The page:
Vt. Woman Gets Treatment Instead of Jail Time for Felonies
White River Junction — A 20-year-old Reading, Vt., woman pleaded guilty on Tuesday to forging her mother’s and grandmother’s checks and other charges.
Emma Harley pleaded guilty to seven misdemeanor charges and five felony charges in Windsor Superior Court. As part of her plea agreement, she must seek opiate addiction treatment at Valley Vista in Bradford, Vt., said Deputy Windsor County State’s Attorney David Cahill said.
Harley is still awaiting sentencing. But she could be eligible for five years of probation on the misdemeanors and receive a deferred sentence for the felonies if she successfully completes her Valley View treatment. After five years, if Harley complies with her conditions, her felony charges can be expunged from her record.
The plea deal, however, is contingent on completing of the Valley Vista program. Harley could still face prison time if she does not finish the program. A single forgery charge carries a maximum of 10 years in prison.
Harley was arrested last month and charged with extortion and attempting false pretenses after she allegedly called her mother, Elizabeth Harley, and told her that a man was at their Reading home with a gun to her head demanding to be paid money that Harley owed him. Police determined that Harley fabricated the incident.
The false pretense charge stemmed from Harley trying to obtain money from another person but the judge found no probable cause for the extortion charge.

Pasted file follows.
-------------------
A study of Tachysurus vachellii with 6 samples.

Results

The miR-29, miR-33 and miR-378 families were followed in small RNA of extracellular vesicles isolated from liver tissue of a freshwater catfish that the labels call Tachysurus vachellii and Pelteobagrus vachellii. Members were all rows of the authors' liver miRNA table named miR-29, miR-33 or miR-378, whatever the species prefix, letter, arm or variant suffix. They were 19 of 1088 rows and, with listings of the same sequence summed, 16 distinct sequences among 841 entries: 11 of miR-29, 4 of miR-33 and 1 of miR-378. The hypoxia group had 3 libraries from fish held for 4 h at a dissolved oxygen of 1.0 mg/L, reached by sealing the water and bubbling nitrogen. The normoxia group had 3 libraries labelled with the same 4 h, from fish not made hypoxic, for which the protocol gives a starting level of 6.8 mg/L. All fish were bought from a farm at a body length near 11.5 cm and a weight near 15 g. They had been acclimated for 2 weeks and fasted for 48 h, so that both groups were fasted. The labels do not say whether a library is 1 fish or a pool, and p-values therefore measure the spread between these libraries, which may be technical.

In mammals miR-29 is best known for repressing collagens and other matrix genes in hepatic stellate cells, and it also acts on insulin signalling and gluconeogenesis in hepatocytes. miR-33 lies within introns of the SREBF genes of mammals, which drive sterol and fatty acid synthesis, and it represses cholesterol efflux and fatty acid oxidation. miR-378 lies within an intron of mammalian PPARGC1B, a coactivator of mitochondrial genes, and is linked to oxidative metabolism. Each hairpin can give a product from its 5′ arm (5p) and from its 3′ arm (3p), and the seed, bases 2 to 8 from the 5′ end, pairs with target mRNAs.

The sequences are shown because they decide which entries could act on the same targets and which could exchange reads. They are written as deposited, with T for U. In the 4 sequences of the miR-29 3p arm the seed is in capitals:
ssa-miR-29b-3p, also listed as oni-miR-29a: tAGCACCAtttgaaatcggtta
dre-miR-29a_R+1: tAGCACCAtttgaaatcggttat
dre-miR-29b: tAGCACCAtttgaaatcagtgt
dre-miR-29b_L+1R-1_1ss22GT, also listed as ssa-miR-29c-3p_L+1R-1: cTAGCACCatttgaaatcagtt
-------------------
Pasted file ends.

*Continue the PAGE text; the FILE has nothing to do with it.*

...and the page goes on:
“Either one of those charges would have adequately characterized the conduct,” Cahill, the state’s attorney, said. “From the state’s perspective, we took no issue with the judge’s determination that the conduct was characterized as false pretenses.”
Harley’s defense attorney, Jordana Levine, declined to comment yesterday.
Harley’s mother did not return a request for comment.
Charges to which she pleaded guilty included four forgery charges, one grand larceny charge, three false pretenses charges, one domestic assault charge, one charge of operating a vehicle without an owner’s consent.
On Tuesday, Emma Harley was arraigned on 18 new forgery charges, but pleaded guilty only to three of those charges. The remaining 15 forgery charges will be dropped as part of her plea agreement.
On Oct. 13, Harley’s mother called police to notify them that her daughter allegedly wrote fraudulent checks from her account totaling about $6,000. Forgery is punishable by a maximum of 10 years in prison.
“The forgery charge is the criminal justice system’s sledge hammer,” Cahill said. “It’s a very powerful tool and we need to use it sparingly.”
Emma Harley was also charged in September for allegedly stealing thousands of dollars worth of fine silver and dinnerware from her mother in July. Her mother advised police that her daughter sold the items to pawn shops and that her daughter had been using pills and other prescription narcotics, according to the police report.
Emma Harley also pleaded guilty to a forgery charge and two false pretense charges of forging her grandmother’s checks.
Other charges stemmed from an incident in late October when Elizabeth Harley called police and said that her daughter, Emma Harley, had assaulted her when she wrestled her to the floor and took her car keys. According to the police report, Elizabeth Harley told police that she is afraid of her daughter because her troubling behavior had been escalating.
Sarah Brubeck can be reached at firstname.lastname@example.org or 603-727-3223.